Advocates fight to keep Home Affordable Modification Program

A program that has helped almost 1,000 struggling Colorado Springs homeowners renegotiate their mortgages is under threat in Congress this week, but local housing advocates say it is too important to eliminate.

The initiative, the Obama administration’s Home Affordable Modification Program, has been dogged by administrative and legal problems since its inception two years ago, and a bill that would kill it is under review by the House Financial Services Committee this week.

The program was initially expected to help 3 million to 4 million Americans; to date it has reached only about 600,000 households, just 9,349 in Colorado and 959 in Colorado Springs.

Critics point out that a high proportion of homeowners entering the program end up defaulting anyway. There have been accusations that loan servicers have been uncooperative or slow to process requests, and reports of homeowners gaming the system and attorneys fleecing applicants.

The federal government has addressed some of these issues, but hasn’t been able to overcome one major setback: the headline numbers.

But Adams County Housing Authority Director Zachary Urban doesn’t think this a fair metric.

“One of the biggest critiques is that the program hasn’t reached the initial projected numbers, but you have to think about the people it has helped,” he said.

“We see the impact modifications have for families and individuals on the ground trying to avoid foreclosure. To say front-end projections dictate the total success of the program is not the way to look at it.”

Shannon Peer, director of Denver-based Brothers Redevelopment, agrees.

“(Colorado) had over 200 permanent modifications in January and we average 245 a month,” he said. “(Program detractors) are looking at those numbers and calling it a failure, but that’s a strange way to measure the program. That’s a lot of families that got to stay in their homes.”

Advocates say that if the program is eliminated, struggling homeowners will be left without recourse.

“If you get rid of it, will loan servicers pick up the slack by offering their own modifications?” Peer asked. “I don’t know, but they sure weren’t offering a lot of modifications prior to HAMP.”

In addition, Urban said political wrangling over the program has obfuscated the bigger picture. There have been 9,705 foreclosures in El Paso County since HAMP was launched in early 2009, and industry professionals are not expecting a meaningful decline in 2011.

“In the first two months of this year there were $340 million in loans foreclosed on at sale, and another $660 million in foreclosure actions started,” Urban said. “That’s $1 billion, and that’s just the strip of counties from Larimer to Pueblo — the figures are much bigger statewide.”

Instead of scrapping the program, supporters say changes could be made to revamp it. Recently, industry professionals noticed a shift in the kind of borrowers who could benefit from a modification. When the program launched it was aimed at homeowners that had taken on unsuitable loans. The bigger issue today is unemployment.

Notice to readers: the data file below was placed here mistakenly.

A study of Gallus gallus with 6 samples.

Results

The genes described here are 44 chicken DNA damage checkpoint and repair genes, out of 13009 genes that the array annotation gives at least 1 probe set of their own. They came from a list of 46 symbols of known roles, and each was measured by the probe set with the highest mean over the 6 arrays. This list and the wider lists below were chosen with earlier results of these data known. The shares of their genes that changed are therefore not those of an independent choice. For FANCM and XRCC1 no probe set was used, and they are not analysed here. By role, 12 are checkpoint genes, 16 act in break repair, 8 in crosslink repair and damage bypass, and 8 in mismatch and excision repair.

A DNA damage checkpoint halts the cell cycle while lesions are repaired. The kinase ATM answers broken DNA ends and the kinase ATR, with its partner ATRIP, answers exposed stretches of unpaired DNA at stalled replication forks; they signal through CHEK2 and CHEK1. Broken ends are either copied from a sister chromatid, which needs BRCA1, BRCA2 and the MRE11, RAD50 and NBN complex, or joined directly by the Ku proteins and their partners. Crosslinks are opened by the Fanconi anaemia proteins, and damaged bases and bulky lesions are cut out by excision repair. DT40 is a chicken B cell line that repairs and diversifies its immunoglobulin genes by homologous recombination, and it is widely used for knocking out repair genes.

The unemployment rate in El Paso County is at 9.3 percent, and potential applicants need a job in order to qualify for a HAMP modification.

“We hope the unemployment picture changes; it’s been a real dragging factor, and these modifications won’t help someone who is out of work,” Peer said. “But once someone regains employment they might be a great candidate for a modification.”

One modification program that is working well in Colorado Springs is through Ent Federal Credit Union. Ent keeps and services a majority of its home loans, which has allowed it to address modifications case by case.

Ent offers the Homeowner Relief and Assistance Program (HARP), which was developed by a coalition of credit unions. Not only does the program read easier than its federal counterpart, it came out months before HAMP and targeted the underemployed and unemployed from the start.

Ent Chief Loan Officer Bill Vogeney said his firm maintains a $900 million loan portfolio and initially committed $5 million in funding to its HARP program. To date, Ent has engaged in over $12 million in HARP modifications with a success rate of around 95 percent.

Of course, Ent may be starting from a higher quality customer base.

“We always tried to make loans that made sense. We never made a pick-a-payment-option loan, a negative amortized loan or a high-cost subprime loan,” Vogeney said.

Ent will modify a loan even if the borrower is receiving unemployment benefits, something a lot of servicers don’t consider as income.

Loan servicers for HAMP have been widely criticized for the length of time it takes to process a loan modification.

“We’re local so we have a relationship with the people whose loans we’re servicing,” Vogeney said. “Our program is successful because we don’t put people through the ringer. It doesn’t take us 60 to 90 days to process a request; we can have our answers within a week.”

Vogeney echoes the sentiment that for all its flaws, HAMP is too important to be done away with. But the local solution stands out as a successful way of running things.